NASHVILLE, Tenn. (WKRN) — Flip on the news, and one word keeps coming up – guns.
“I don’t know if people, or the youth, actually recognize the seriousness of what happens when they are in possession of a gun,” said Judge Sheila Calloway, a Davidson County juvenile court judge.
Calloway sees a pattern.
“Youth are going to apartment complexes or movie theaters or shopping malls, and just kinda walking through the parking lot and checking handles, and checking to see if there are some that are left open. And so those that are left unlocked are the ones getting stolen. And a lot of times they are stolen with handguns in them.”
You can practically set your watch to these crimes. She says, when school is out, youth crime goes up.
“If they don’t have anything positive to do, they are going to find something to do.”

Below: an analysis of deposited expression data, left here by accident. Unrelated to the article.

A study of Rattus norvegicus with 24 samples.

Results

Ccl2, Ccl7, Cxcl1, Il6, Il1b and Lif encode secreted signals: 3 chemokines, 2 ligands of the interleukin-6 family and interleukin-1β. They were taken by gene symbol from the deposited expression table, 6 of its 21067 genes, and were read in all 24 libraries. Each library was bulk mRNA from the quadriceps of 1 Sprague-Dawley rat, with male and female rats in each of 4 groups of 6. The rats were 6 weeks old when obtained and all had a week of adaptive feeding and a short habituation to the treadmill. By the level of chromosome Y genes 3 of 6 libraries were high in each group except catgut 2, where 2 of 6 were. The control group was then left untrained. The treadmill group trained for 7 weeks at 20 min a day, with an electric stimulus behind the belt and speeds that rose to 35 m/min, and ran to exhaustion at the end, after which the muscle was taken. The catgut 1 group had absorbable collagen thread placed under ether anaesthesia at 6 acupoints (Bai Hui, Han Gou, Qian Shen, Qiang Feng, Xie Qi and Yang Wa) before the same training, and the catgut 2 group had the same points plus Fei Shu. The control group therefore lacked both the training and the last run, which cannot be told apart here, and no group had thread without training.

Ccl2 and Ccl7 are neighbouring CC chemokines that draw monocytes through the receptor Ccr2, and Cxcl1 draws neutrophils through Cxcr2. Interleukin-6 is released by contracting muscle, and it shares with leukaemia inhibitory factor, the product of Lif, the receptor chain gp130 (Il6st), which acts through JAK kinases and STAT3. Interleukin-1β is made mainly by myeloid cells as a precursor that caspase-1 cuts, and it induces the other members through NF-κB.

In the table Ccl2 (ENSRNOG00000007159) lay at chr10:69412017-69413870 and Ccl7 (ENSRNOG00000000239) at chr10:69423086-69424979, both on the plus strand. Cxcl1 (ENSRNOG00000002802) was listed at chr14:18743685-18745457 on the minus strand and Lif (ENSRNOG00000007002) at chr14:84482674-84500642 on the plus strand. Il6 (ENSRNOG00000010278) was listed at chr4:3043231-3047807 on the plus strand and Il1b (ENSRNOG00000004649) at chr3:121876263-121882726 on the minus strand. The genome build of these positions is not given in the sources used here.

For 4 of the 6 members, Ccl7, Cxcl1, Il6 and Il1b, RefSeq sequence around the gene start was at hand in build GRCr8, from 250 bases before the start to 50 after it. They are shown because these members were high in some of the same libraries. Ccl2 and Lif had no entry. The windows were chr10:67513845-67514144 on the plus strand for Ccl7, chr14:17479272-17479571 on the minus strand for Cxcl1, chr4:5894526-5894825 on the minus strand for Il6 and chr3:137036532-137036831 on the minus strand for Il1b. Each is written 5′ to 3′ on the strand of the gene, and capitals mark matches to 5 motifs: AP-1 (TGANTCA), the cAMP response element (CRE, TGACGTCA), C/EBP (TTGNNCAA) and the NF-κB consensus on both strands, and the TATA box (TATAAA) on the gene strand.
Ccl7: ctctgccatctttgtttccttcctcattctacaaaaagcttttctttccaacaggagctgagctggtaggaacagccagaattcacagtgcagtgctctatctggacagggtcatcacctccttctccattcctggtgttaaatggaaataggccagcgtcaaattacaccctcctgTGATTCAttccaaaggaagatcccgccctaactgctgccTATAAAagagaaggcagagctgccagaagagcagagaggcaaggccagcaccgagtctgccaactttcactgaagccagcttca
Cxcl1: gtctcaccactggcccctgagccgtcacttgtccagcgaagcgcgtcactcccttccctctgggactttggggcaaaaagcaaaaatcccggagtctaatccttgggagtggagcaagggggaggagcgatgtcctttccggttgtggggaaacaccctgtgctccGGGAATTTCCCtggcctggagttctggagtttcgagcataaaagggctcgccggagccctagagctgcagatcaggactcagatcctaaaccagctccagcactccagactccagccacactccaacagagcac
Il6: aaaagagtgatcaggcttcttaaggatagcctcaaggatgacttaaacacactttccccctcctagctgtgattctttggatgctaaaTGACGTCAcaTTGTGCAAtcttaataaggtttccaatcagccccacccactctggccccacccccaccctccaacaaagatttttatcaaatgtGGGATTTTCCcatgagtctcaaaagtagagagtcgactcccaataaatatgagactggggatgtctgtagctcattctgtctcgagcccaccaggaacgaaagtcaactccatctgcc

But for many of the cases, Calloway says the child’s parents also become a focus due to paternity fights, custody battles, or arguing over parental plans.
“We do a lot of work on that end as well to make sure that the children are safe and that they are in a loving, structured home that they can get what they need to be successful.”
Because when that loving home does not exist, Calloway can see the child’s mental health suffering. And the resources – the counselors, the psychiatrists – aren’t always there.
“When I have a child that is in the middle of a mental health crisis and a breakdown, it’s unfortunate that they may have to wait a month or two months out even to get an intake appointment, because their mental health is going to decline during that time period.”
Guns, family disputes, mental health. Calloway sees all of these contributing to youth crime, and impacting the child’s brain for the worse.
But when you sit down with Judge Calloway, it’s not all doom and gloom in her court. She sees every child, whether guilty or not, as redeemable.
“They can make a difference, they can change. And I know the brain science supports that as well.”
News 2 looks at the community consequences of the growing number of kids committing crimes and new ideas about solutions with our special reports, Juvenile Crime.